Tips on Teaching ROUNDING to the Nearest 10 and 100 - Amber from TGIF (Third Grade is Fun)

Tips on Teaching ROUNDING to the Nearest 10 and 100

Teaching rounding.  Gulp.  This is one of those concepts that some kids just magically gravitate toward and others S T R U G G L E!  So, how can we support those that struggle to learn rounding to the nearest 10 and 100 while keeping the others who "get it" engaged?  I am sharing some easy, peasy tips with you!

Teaching rounding to the nearest 10 and 100 can be challenging for third graders, but with the right approach and tips, it can be made easier. Here are some practical tips for teaching rounding to the nearest 10 and 100 to 3rd graders:

Tip # 1 Start with a visual approach: Use manipulatives such as base-10 blocks to help students visualize the concept of rounding.

Tip #2 Use real-life examples to introduce the concept: Use money as an example.  "If something cost $2.99, what is that closest to in whole dollars?"  

Tip #3 Break it down: Teach students to round to the nearest 10 first, then move on to rounding to the nearest 100. Practicing in math centers or during intervention time allow students to practice each concept of rounding the the nearest 10 and rounding to the nearest 100 individually and then when they are ready, they can move on to mixed rounding concepts.  These Rounding Triangle Sorts allow individual rounding and mixed rounding practice.  They even include a rounding to the thousands place for those students who need a challenge.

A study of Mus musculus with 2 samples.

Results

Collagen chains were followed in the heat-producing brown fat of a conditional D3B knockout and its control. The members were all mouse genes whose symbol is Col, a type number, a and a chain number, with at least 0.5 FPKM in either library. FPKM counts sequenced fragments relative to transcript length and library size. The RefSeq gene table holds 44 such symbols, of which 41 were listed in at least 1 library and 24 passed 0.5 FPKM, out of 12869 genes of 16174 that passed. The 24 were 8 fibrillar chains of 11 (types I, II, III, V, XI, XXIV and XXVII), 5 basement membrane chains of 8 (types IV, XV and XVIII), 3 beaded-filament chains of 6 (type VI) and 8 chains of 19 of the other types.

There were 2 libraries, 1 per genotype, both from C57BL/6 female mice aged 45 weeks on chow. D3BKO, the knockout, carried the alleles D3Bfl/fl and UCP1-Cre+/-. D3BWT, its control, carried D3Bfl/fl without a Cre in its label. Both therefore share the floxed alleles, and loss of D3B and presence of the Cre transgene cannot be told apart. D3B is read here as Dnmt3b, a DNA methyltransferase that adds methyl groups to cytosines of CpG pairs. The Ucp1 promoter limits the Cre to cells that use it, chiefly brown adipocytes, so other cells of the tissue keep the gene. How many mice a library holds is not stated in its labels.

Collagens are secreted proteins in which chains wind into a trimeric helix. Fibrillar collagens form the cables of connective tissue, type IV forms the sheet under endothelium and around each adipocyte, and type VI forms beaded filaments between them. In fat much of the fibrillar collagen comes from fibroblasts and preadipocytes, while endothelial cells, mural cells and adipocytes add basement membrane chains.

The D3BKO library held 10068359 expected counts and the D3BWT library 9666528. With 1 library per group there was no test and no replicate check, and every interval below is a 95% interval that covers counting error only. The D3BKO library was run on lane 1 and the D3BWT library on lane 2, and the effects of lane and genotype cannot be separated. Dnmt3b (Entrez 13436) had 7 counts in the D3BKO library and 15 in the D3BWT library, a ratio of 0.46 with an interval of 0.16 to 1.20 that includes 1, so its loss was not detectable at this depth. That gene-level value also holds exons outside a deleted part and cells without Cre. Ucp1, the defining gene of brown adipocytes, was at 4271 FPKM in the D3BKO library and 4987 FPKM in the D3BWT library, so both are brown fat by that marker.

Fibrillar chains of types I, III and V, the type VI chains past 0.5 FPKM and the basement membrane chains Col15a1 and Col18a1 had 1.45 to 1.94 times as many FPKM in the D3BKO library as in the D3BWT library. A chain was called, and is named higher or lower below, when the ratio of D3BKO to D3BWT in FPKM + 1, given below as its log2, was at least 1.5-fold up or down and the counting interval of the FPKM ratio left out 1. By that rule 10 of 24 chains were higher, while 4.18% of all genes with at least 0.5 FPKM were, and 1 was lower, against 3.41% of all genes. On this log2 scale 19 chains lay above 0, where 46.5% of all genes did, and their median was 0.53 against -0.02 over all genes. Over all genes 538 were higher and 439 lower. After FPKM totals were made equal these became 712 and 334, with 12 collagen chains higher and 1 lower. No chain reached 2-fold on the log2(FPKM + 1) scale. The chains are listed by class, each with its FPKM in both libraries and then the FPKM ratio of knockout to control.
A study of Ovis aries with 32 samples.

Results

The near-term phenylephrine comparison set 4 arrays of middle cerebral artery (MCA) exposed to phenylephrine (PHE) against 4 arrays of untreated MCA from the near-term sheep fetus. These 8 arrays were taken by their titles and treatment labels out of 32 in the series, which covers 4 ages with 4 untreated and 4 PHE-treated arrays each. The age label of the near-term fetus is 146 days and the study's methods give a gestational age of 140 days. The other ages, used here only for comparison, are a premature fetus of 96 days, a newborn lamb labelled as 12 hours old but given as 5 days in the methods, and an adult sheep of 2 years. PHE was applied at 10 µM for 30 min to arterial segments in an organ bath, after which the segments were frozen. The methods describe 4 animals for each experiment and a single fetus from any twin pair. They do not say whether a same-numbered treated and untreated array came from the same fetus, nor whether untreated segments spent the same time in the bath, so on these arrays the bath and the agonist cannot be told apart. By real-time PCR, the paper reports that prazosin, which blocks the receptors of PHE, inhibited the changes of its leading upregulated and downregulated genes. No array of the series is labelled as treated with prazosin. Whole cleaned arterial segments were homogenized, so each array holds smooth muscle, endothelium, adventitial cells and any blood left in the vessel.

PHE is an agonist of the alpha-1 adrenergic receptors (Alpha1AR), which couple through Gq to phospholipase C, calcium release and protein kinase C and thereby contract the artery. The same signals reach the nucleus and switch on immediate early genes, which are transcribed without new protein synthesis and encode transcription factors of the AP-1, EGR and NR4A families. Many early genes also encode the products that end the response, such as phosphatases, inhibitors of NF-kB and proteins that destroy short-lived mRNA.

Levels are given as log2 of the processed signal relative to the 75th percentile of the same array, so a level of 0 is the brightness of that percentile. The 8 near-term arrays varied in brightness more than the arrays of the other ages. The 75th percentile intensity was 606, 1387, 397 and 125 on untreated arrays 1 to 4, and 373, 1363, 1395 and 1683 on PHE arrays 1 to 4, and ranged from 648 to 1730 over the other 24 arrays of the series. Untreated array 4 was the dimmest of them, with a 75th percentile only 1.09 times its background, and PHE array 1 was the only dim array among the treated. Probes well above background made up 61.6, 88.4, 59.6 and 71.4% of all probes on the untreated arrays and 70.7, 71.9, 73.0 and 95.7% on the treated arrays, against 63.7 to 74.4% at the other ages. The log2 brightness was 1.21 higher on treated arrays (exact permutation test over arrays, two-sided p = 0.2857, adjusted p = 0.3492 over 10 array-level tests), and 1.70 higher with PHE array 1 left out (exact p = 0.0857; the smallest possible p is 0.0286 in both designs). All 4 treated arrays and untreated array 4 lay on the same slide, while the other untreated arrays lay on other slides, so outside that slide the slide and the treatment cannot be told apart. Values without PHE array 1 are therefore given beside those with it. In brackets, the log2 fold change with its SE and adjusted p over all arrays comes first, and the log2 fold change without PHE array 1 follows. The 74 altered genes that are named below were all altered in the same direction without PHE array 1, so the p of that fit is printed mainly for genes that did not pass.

Tip #4 Use a number line: Use a number line to help students visualize the concept of rounding. A hands on number such as the FREE number line I have available below, helps students get a better understanding of midline numbers (350 is halfway between 300 and 400) and getting a visual of if number 28 is closer to 20 or 30 by physically placing the numbers on the line.  

Tip #5 Make it fun: Use games and math crafts to engage students and make the concept of rounding more enjoyable.  Math crafts are double duty because not only do they allow for differentiated practice, but they also are just so much fun for the students AND they double as an amazing math display to show off the standards you have been working on.  This "Donut you Think: Rounding is Sweet" math craft is perfect on a bulletin board.

You can differentiate by supporting students who need it with numbers "in order" (above) like on a number line or students who are ready for a challenge with mixed numbers (above) which takes a considerable amount of concentration.

Tip #6 Repeat and reinforce: Repeat the concept several times and reinforce it through practice problems.  These place value and rounding math fact tents allow students to practice with a partner and repeat the practice again and again until they master the concept.  

Tip # 7 Use technology: Use technology such as interactive whiteboards or online games to help teach rounding.  Have students make their own number line in Google Slides or even using the good old, faithful whiteboard and dry erase marker.  

Tip #8 Be patient: Rounding can be difficult for some students, so be patient and provide extra support to those who need it.  When most students have mastered the concept, don't be afraid to move on.  Just continue reinforcing rounding through a quick daily review or in your intervention time to continue reaching out to those students who struggle.